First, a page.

A TDR Should Answer These Three Important Questions
Where’s the problem?
The basic function of a TDR is to test a cable to either verify its length and quality, or to identify points in the cable that are causing problems. Traditionally the user would look at the trace, in which reflections are indicated by positive or negative deviations, and place a marker on the trace spot in question for a readout of the distance to that reflection. More advanced TDRs, like the DSP TDR analyze the trace for the user, and present the detected reflection events in a table for simpler interpretation and quicker decision making.
How bad Is the problem?
Return loss is a measure of the severity of a reflection and can be used to determine whether an event is passing or needs further action. If there’s a problem it’s important to know not only where it is along the cable’s length, but also to know if it is severe enough to cause a problem. For example, an effective splice will still show a degree of reflection. The better the splice, the smaller the reflection. It follows that it is important to be able to measure the reflection. Granted, an “eyeballing” of the reflection may allow a guess that any event is unimportant, but measurement precision simplifies decision making. Therefore, a good TDR must have a return loss reading for each event (see event list above). The return loss for an event is the difference between signal reflection’s level and the original (transmitted) signal level. The higher the return loss the smaller the reflected signal and the less impact on signal transmission through the cable.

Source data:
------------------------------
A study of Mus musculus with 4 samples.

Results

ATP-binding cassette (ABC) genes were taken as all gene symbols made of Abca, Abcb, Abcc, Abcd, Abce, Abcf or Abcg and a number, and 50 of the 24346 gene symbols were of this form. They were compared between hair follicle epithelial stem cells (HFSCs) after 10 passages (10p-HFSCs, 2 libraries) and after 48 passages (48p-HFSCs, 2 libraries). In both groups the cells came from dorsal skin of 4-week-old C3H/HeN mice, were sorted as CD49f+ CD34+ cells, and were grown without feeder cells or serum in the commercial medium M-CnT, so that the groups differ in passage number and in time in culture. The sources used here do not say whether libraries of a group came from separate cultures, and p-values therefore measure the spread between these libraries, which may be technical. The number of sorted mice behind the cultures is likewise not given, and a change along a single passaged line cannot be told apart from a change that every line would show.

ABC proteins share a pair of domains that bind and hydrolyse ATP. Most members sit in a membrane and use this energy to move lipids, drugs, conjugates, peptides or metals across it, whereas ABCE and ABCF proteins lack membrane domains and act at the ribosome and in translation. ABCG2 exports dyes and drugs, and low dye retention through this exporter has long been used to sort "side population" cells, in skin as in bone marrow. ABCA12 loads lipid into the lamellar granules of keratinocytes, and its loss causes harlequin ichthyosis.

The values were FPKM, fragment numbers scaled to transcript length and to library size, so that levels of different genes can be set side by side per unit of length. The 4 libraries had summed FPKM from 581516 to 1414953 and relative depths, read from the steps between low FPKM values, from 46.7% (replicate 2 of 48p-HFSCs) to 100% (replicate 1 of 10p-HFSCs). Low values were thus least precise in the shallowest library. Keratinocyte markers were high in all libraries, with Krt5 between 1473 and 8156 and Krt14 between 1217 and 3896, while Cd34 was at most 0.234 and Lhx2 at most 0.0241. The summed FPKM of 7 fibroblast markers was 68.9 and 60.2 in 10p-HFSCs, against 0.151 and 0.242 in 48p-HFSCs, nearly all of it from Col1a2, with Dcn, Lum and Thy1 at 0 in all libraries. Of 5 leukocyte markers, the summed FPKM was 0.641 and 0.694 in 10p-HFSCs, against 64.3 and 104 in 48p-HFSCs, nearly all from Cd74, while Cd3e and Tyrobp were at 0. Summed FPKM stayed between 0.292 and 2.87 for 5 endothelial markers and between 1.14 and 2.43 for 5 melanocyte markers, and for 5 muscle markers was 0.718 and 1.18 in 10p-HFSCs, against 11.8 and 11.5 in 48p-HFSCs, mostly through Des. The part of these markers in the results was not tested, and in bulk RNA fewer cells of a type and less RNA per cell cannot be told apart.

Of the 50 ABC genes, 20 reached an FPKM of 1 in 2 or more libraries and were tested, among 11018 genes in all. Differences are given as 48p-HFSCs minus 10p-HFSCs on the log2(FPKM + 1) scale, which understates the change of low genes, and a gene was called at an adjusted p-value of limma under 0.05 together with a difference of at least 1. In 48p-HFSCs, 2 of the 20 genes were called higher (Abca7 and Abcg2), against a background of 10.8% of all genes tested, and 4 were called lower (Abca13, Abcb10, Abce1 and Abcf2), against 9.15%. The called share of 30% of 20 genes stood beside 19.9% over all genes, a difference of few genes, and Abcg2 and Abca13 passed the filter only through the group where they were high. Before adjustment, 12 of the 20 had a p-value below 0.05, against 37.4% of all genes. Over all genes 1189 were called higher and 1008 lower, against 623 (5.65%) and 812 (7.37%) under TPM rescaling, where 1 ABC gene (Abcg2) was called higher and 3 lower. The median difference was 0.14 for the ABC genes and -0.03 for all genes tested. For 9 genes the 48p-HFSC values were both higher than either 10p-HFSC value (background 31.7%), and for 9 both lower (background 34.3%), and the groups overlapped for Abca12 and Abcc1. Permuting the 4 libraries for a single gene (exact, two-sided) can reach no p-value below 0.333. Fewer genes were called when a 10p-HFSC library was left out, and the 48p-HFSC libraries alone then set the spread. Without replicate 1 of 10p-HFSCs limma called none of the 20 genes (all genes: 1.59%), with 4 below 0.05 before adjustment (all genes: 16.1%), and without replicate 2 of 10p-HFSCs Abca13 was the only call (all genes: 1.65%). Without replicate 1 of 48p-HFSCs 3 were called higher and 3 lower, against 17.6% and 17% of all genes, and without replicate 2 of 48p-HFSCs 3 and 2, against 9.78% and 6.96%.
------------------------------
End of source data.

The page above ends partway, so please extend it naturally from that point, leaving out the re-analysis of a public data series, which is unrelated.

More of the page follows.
What should be done about the problem?
Documentation of TDR measurement information is a critical requirement. The test results are used to make decisions about next actions to be taken, so getting the information quickly is paramount. Not only does the measurement need to be made quickly, but the information must be relayed for decision making immediately. The DSP TDR simplifies this process by uploading the data via WiFi connection. The uploaded information is then instantly browser accessible by others in the organization to enable an informed decision. No PC software is required.
The high quality, precise DSP TDR helps you quickly identify where the problem is located, how bad is the return loss and what next step is required – getting the service online quickly.
Looking for a reliable DSP TDR that can address these questions and more? Find out more here.